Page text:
Copenhagen Malmö Ports (CMP) has significantly expanded its bulk handling capacity on both sides of the Øresund in recent years, and has taken a further step with the installation of two new Gottwald mobile harbour cranes at its Swede Harbour in Malmö.
The first was shipped from Konecranes-Gottwald’s factory in Düsseldorf, Germany in June, and was then used to install the second unit the following month.
The cranes are 31m high with an outreach of 46m. They replace three 40-year-old rail mounted bulk cranes, which were dismantled in October.
Brian Kristensen, chief operating officer of dry bulk and property at CMP, says: “Mobile cranes offer a significant increase in flexibility, as they are not track-based, and the lifting capacity is much higher than before.”
The G HMK 6507B units have 125t lifting capacity at 20m radius, and are designed for four-rope bulk operations (as well as container and heavy lift). According to Danish partner Port-Trade, which is servicing the units with Konecranes, the Gottwald cranes are among the most silent and power-efficient on the market, with a 10 kV electrical power supply.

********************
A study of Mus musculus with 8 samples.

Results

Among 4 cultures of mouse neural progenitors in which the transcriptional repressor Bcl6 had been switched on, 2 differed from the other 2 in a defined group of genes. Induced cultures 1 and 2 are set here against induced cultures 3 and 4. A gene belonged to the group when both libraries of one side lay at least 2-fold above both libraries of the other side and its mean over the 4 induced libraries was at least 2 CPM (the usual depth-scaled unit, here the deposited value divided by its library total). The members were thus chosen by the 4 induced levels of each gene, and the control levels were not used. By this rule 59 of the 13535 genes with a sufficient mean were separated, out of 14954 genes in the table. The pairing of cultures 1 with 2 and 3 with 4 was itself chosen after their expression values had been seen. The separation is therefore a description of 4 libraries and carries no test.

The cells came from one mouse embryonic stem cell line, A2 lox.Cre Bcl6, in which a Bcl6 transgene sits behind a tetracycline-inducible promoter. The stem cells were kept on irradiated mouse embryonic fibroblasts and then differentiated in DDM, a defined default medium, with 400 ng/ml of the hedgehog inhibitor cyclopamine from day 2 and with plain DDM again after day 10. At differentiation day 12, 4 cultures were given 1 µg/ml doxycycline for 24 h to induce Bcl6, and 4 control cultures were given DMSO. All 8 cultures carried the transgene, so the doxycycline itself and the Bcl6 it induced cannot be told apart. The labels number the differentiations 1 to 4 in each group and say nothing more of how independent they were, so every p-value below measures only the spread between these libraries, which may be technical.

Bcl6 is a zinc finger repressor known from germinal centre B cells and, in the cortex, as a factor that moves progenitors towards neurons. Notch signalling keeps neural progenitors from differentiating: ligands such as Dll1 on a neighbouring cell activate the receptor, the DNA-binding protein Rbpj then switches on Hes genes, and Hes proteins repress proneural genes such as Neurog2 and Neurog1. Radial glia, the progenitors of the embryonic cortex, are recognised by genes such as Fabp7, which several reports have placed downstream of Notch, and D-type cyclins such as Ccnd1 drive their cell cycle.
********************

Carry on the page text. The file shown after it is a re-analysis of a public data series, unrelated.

In 1990, CMP, then Københavns Frihavns og Stevedoreselskab, purchased its first dieselelectric Gottwald mobile harbour crane – at the time the world’s most powerful, with a capacity to lift 120t at 23m. CMP’s first MHC, an HMK360 E, now operates at the Port of Grenaa, which bought the unit in 2005.
CMP says the cranes will be used for scrap, rock and other bulk freight. With facilities and adjacent development space on either side of the Øresund, CMP has grown its bulk operations in line with regional demand, particularly in the construction sector and for the handling of gravel and stone. Scrap is also a growing segment, with Malmö ’s expanding bulk facilities a hub for export.
CMP’s Prøvestenen deepwater dry bulk terminal in Copenhagen is a base for Danish firms Sten og Grus and Dansk Natursten, which supply stone, gravel, aggregate and soil for building projects. Last April, Rimeco A/S opened a scrap metal collection depot at Malmö to serve southern Sweden and Zealand, Denmark. Rimeco’s facility collects various grades of ferrous scrap metal including iron, steel and new production scrap.
Kristensen adds that consolidation among customers’ industries has created larger merged companies, bigger combined volumes, and increased demand for strategically located terminals. With environmental requirements pushing more bulk products by sea, Kristensen says there are new markets and opportunities – such as waste bulk shipments as an alternative fuel for CHP.